Maybe I should say "If you address the negatives."
I get a lot of email from readers of my columns in The Western Tribune and readers of this blog (from people who do not want to post comments). Most of it is supportive, but some is not. One question I hear from time to time is why do I focus so much on negative stuff about Bessemer.
So I went back through the archives a few weeks, and while I admit some things may be negative to me and positive to others, and vice versa, it comes out about even. I mean, a column about a shooting could also have information about efforts to reduce crime...so is that a positive or negative article about Bessemer?
Anyway, "negative" stories usually reveal some type of inappropriate activity, be it crime or hypocrisy or plagiarism or inaccurate reporting by newspapers, and those types of activities need to be made public. Not reporting on these types of things is equal to participating in it. That is why The Western Tribune out performs the Western Star in every instance. If you report "news" in Bessemer, which is what "newspapers" should do, there are going to be "negative" stories. At least there are stories...
So I am going to comment on this report aired last night on Fox 6. It is about Donald Moulton, who already has a breach of contract suit against him filed by a former business owner in Homewood, and federal charges of identity theft and mail fraud as reported on Bessemer Opinions and now theft of services charges filed by former employees at the Broken Vessel Church.
I still have hopes that this church can become a postive thing for the community, but not under his "leadership." A prominant area pastor is considering taking over the ministry. I have not said this about the church before, but let's just hope that whoever takes it over will be open and accepting of all the communities of Bessemer, including the gay community. Maybe that is why the Baptist church there dwindled, because "they" pick and choose who God should love (although in their case it had more to do with racism than homophobia).
Another community that is picked on is the latino community. My column in The Western Tribune today is about immigration, and here it is, minus possible editing. Stop now if you want to wait and read it in the paper. I refered to testimony of Sam Brooke in the column. If anyone wants to read the entire testimony I will email it to you.
This could easily have been an 800 word column, and been more informative, but space restrictions limited it.
Immigration is a hot topic but wouldn’t it be nice if everyone knew the facts before forming opinions and voicing them on talk radio and such?
The state’s Joint Interim Patriotic Immigration Commission held a public hearing recently and some little known facts were revealed during the testimony. Sam Brooke, Law Fellow with the American Civil Liberties Union of Alabama, took the opportunity to dispel several myths, as the following examples from his testimony point out.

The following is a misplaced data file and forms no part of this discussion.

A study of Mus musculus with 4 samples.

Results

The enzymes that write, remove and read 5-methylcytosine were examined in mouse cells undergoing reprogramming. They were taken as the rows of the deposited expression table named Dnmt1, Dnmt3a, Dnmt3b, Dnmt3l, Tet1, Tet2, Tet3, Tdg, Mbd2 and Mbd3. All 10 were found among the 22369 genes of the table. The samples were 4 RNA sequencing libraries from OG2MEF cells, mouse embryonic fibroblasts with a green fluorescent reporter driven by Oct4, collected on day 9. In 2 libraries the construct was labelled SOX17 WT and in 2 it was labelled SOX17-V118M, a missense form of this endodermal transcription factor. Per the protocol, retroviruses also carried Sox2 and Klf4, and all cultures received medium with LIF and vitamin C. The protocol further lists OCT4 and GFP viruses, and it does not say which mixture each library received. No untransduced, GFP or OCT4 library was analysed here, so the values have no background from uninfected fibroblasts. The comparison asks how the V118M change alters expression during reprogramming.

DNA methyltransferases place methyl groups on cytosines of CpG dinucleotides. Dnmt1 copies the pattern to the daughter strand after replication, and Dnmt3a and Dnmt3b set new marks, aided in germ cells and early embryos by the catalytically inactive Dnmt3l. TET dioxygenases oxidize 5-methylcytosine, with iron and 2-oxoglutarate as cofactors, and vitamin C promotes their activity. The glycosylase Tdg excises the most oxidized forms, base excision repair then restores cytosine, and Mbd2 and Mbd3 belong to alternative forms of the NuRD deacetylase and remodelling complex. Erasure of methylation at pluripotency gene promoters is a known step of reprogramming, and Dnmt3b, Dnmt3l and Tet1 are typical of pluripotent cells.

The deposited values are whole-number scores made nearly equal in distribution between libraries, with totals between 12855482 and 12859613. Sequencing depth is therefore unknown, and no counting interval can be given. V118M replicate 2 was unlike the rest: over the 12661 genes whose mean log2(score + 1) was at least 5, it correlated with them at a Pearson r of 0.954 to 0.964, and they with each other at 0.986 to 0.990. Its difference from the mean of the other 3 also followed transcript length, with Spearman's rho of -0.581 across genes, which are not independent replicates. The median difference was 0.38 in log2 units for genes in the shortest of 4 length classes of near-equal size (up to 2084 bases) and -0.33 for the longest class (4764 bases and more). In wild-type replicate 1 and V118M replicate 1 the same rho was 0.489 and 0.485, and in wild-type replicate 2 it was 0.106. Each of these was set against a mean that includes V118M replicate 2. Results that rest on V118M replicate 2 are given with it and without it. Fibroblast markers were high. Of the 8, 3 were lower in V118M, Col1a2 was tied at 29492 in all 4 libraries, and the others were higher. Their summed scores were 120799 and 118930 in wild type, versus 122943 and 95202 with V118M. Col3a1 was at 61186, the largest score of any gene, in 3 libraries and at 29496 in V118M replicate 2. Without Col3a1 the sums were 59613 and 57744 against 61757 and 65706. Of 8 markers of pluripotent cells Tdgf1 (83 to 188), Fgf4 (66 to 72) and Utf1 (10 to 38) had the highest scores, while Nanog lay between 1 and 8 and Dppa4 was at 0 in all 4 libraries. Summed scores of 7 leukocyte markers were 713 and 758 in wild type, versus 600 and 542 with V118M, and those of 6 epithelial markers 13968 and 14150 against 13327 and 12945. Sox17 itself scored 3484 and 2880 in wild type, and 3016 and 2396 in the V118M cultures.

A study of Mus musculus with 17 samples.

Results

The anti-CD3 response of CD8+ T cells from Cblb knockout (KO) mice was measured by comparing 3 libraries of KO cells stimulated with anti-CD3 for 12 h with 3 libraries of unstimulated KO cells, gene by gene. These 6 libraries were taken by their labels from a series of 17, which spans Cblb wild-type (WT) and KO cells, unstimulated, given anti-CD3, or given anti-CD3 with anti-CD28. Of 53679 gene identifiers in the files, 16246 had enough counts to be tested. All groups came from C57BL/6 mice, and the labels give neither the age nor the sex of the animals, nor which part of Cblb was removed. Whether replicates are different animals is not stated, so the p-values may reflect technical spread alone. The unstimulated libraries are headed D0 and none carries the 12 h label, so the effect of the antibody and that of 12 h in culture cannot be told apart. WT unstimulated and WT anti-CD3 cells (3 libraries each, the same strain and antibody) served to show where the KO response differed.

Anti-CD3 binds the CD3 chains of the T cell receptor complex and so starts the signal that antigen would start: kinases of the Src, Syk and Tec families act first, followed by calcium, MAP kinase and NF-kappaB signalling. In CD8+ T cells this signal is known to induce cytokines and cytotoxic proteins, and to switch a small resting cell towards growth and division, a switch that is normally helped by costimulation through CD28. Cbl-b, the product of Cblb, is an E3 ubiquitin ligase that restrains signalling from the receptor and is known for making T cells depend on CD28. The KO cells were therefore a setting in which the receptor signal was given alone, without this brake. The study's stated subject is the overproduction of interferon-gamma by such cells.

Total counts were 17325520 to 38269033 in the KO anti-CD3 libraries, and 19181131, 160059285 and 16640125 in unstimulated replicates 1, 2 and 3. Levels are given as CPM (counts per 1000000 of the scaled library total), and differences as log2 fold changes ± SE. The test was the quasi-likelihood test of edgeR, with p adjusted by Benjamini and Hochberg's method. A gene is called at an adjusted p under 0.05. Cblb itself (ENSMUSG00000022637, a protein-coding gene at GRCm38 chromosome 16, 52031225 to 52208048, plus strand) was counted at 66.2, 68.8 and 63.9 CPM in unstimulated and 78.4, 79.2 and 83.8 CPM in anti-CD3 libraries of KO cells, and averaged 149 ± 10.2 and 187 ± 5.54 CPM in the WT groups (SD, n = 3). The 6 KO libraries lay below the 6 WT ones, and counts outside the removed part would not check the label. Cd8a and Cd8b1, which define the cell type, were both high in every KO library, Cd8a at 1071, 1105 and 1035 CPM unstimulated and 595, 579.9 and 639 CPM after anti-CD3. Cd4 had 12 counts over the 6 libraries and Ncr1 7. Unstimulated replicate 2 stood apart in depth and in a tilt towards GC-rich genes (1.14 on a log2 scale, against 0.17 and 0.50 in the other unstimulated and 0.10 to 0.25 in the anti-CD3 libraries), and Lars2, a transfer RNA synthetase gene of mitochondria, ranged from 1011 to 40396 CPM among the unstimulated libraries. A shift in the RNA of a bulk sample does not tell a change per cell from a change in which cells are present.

One myth is that immigrants without legal status cause a rise in criminal activity. The fact is that an increase in immigrants – with or without legal status- generally causes a reduction in crime. This was proven in court in Hazelton, PA, when anti-immigrant ordinances were being challenged, and testimony brought the true facts out.
In addition it has been shown in our own state that immigrants are more likely to be the victims rather than the perpetrators of criminal activity. We only need to look as far as Lipscomb where Hispanics were recently being targeted to realize this, but an article from the Montgomery Advertiser (October 16, 2007) also backs this up.
Another myth is that immigrants drain public health dollars and put a strain on medical services. A recent study in Georgia estimated that undocumented immigrants contribute between $215 and $252 million to the state’s coffers, and in Texas it is estimated they contribute $380 million more than they use in relation to state-provided services. While similar numbers are not available for our state, it can be concluded that immigrants who lack legal status do not cost our state money.
Immigrants without legal status have been made scapegoats over these issues. To combat this, the Alabama Coalition for Immigrant Justice and the ACLU of Alabama are encouraging the Immigration Commission and our Legislature to treat immigrants with respect and dignity as they find solutions that are inclusive of this growing community.
And they should remember that only the federal government can regulate employment and presence of immigrants. Laws in other states that have attempted to challenge this authority have not been upheld. It would not make sense to have a hodge-podge of laws that differ from state to state regarding who can come into our country.
The federal government has failed to address the immigration issue, but that does not mean we should attempt to solve the problems on a state by state basis. Rather, we should be encouraging the Congress and President to find workable solutions without stereotyping or making scapegoats of people. Solutions that allow well intentioned immigrants to live and contribute to our society as they move toward full citizenship are solutions we can all live with.